A will is a fundamental part of any estate plan. It is important to have a will so that your wishes regarding your estate are clearly expressed. A will can help ensure your loved ones are provided for properly, alleviate family burdens, and prevent intra-family disputes. Moreover, if you do not have a will, the state will determine how your property will be disposed.
WHAT IS A WILL?
(Compliments of The Florida Bar)
A will is a writing, signed by the decedent and witnesses, that meets the requirements of Florida law. In his or her will, the decedent can name the beneficiaries whom the decedent wants to receive the decedent’s probate assets. The decedent can also designate a personal representative (Florida’s term for an executor) of his or her choosing to administer the probate estate.
If the decedent’s will disposes of all of the decedent’s probate assets and designates a personal representative, the will controls over the default provisions of Florida law. If the decedent did not have a valid will, or if the will fails in some respect, the identities of the persons who will receive the decedent’s probate assets, and who will be selected as the personal representative of the decedent’s probate estate, will be as provided by Florida law.
WHAT HAPPENS IF THERE IS NO WILL?
(Compliments of The Florida Bar)
If someone dies without a valid will, he or she is “intestate.” Even if the decedent dies intestate, his or her probate assets are almost never turned over to the State of Florida. The state will take the decedent’s assets only if the decedent had no heirs. The decedent’s “heirs” are the persons who are related to the decedent and described in the Florida statute governing distribution of the decedent’s probate assets if he or she died intestate.
If the decedent died intestate, the decedent’s probate assets will be distributed to the decedent’s heirs in the following order of priority:
- If the decedent was survived by his or her spouse but left no living descendants, the surviving spouse receives all of the decedent’s probate estate. A “descendant” is a person in any generational level down the descending line from the decedent and includes children, grandchildren, and more remote descendants.
- If the decedent was survived by his or her spouse and left one or more living descendants (all of whom are the descendants of both the decedent and his or her spouse), and the surviving spouse has no additional living descendants (who are not a descendant of the decedent), the surviving spouse receives all of the decedent’s probate estate.
- If the decedent was survived by his or her spouse and left one or more living descendants (all of whom are the descendants of both the decedent and his or her spouse), but the surviving spouse has additional living descendants (at least one of whom is not also a descendant of the decedent), the surviving spouse receives one-half of the probate estate, and the decedent’s descendants share the remaining half.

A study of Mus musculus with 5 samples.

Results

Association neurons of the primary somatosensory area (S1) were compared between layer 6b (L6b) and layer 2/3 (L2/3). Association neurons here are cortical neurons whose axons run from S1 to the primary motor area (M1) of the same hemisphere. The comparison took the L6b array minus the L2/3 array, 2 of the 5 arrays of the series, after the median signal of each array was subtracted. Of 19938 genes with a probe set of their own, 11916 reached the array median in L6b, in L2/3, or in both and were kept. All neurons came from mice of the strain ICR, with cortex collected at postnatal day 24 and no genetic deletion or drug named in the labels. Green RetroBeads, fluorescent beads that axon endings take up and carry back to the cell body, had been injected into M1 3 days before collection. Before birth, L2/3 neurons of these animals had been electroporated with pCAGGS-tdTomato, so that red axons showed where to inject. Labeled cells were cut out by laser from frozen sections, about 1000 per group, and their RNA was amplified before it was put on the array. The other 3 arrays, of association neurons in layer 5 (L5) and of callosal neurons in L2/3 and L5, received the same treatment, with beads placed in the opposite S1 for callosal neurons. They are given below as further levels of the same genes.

- If the decedent was not married at his or her death but was survived by one or more descendants, those descendants will receive all of the decedent’s probate estate. If there is more than one descendant, the decedent’s probate estate will be divided among them in the manner prescribed by Florida law. The division will occur at the generational level of the decedent’s children. So, for example, if one of the decedent’s children did not survive the decedent, and if the deceased child was survived by his or her own descendants, the share of the decedent’s estate which would have been distributed to the deceased child will instead be distributed among the descendants of the decedent’s deceased child.
- If the decedent was not married at his or her death and had no living descendants, the decedent’s probate estate will pass to the decedent’s surviving parents, if they are living, otherwise to the decedent’s brothers and sisters.
- Florida’s intestate laws will pass the decedent’s probate estate to other, more remote heirs if the decedent is not survived by any of the close relatives described above.
The distribution of the decedent’s probate estate under Florida’s intestate laws, as discussed above, is subject to certain exceptions for homestead property, exempt personal property, and a statutory allowance to the surviving spouse and any descendants or ascendants whom the decedent supported. Assets subject to these exceptions will pass in a manner different from that described in the intestate laws. For example, if the decedent’s homestead property was titled in the decedent’s name alone, and if the decedent was survived by a spouse and descendants, the surviving spouse will have the use of the homestead property for his or her lifetime only (or a life estate), with the decedent’s descendants to receive the decedents’ homestead property only after the surviving spouse dies. The surviving spouse also, however, has the right to make a special election within 6 months of the decedent’s death to receive an undivided one-half interest in the homestead property in leui of the life estate provided certain procedures are timely followed. The spouse’s right to homestead property does not take into consideration whether the surviving spouse has one or more living descendants who are not also a descendant of the decedent.